Padraig Harrington joined the Golf Weekly podcast on Off The Ball, on Bryson DeChambeau and his transformation.
"I played to Open at Royal Portrush with Bryson last year," recalled Harrington. "There were only three players on the range, me, a young skinny German lad, maybe six foot two or three and he's cracking the ball out on a cold day into the wind at 191 [mph] ball speed, and he's in rainwear.
"So everything was against him hitting the ball at speed. I'm looking at him thinking 'Wow, that's impressive' and between me and him is Bryson DeChambeau standing on the range. The kid goads Bryson to have a go.
"I helped him because I wanted to see Bryson have a go. So on a cold day, with his normal driver, in heavy gear Bryson knocked out 189 mph ball speed. That's the equivalent of mid 190s [in normal conditions]. And if you put in five and a half degrees loft it would easily be 195."
Harrington is adamant what the world is witnessing in the new DeChambeau, is not new at all.
"So Bryson had the speed, he just wasn't using it," says the Ryder Cup captain. "He hasn't gained any speed, let's Americanise this: you're looking at a guy who has thrown a curveball at 82 mph and somebody goaded him to throw a fastball at 92 mph and he said 'Oh, that's not too bad.' He's worked on it and it's now at 95 miles an hour.
"He's always had speed but he's worked his whole life on the stability of face, now he's gone for speed. He's always had it, the bulking up, maybe it makes him a bit more stable?
Watch OTB's full chat with Padraig Harrington right here:
"I saw him on the range a year ago before all of this happened, he always had that speed. I tried bulking up for speed, there's nothing within the rules that ha not been tried by me. I've gone fat, I've gone skinny, I've tried speed work.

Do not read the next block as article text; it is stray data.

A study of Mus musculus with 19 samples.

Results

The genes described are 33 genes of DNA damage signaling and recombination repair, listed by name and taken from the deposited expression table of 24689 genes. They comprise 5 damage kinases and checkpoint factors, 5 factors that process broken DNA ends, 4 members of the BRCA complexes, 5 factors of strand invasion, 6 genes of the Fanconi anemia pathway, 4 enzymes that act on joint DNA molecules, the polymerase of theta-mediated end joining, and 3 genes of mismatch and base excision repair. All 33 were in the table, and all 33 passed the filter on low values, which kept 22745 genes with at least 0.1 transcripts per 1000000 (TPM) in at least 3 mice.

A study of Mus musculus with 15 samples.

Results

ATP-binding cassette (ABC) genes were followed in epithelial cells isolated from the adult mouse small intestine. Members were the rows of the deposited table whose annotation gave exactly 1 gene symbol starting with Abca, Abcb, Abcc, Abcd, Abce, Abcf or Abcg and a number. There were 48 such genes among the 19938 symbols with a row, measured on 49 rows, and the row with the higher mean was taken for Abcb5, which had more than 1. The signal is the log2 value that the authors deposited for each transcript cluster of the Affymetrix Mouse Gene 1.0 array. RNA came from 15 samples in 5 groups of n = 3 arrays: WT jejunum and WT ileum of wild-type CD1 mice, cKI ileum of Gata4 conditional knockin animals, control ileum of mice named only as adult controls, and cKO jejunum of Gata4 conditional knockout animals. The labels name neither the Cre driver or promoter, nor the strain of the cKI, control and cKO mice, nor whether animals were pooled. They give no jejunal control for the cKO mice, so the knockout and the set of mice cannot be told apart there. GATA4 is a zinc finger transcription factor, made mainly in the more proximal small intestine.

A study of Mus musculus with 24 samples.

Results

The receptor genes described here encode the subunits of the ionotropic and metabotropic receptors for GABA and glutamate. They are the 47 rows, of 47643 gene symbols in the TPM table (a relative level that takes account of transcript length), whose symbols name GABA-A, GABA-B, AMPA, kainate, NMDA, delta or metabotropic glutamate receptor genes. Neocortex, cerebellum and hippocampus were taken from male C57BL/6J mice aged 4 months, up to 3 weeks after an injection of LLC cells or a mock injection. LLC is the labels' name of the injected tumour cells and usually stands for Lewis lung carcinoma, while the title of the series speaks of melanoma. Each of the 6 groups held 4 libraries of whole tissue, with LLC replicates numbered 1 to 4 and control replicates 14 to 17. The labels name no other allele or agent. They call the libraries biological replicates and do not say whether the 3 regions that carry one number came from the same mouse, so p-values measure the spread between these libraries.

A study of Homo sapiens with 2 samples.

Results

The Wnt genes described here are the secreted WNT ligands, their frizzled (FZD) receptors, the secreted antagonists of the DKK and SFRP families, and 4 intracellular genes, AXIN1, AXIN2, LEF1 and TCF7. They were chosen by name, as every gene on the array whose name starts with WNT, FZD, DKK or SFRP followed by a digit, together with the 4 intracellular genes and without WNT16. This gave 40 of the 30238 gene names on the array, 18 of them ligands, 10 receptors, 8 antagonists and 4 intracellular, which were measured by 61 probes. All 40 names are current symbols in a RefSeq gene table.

"Bryson has always had that speed in his body, he's just now using it. It is going to change golf. I've seen this over the years. Up until Rory and DJ in 2011, every time we had someone who was longer they were definitely undermined.
"In the amateur game or pro game they'd say 'Ah, he's missed that fairway because he's a long hitter. He's missed that fairway because he's swinging too hard.' Every time he hits a bad shot with the driver we blame speed, whereas if a short hitter misses the fairway nobody blames his speed.
"If you look at when Tiger Woods' driving was undermined because he was longer than everybody else. I remember Hank Haney, he had to change his swing, it was the most beautiful swing, long-hitter. Davis Love III was another long hitter in the 1980s, he used to hit an iron off the tee because he was afraid of missing fairways with driver.
"It's not something the masses do consciously, it's an unconscious thing to ridicule the long-hitters. But now, when Rory and DJ come along, they are getting the coverage. People are saying 'It's okay, you can be a long hitter and a good player.'
"What DeChambeau has done, and what you see on television, is with the 'top tracer' with the distances of drives and ball speeds. Every kid out there is going 'I can do that, and now it's okay to do that,' whereas the coaches would have coached it out of them.
"If you saw speed in a kid you be like 'Oh, we've got to make him straight,' whereas now a kid under 16 years of age will at least have the speed you see Rory and DJ have, every one of them.
"A lot of them will have the speed DeChambeau has, and remember there are several players on tour who have more speed than DeChambeau, who don't use it. Tony Finau is at over 200 miles an hour and he's trying to play at low 180s.
"What DeChambeau has done is broken the mould a bit, thinking 'I am going to play maxed out.' I am amazed how straight he is, it's very impressive.
"Let's be realistic here, he's still about 15% short of what is humanly possible. He's a super long hitter on the tour but even on the tour Cameron Champ has more ball speed, Finau, Woodland too, possibly, but they don't use it.
"There will come a time where we have guys out on tour at more than DeChambeau's speed. Essentially once you have one guy do it, then you will have four or five or ten guys do it.
"Then in ten years' time, I'm happy I won't be there, you're going to have 20 or 30 of these guys."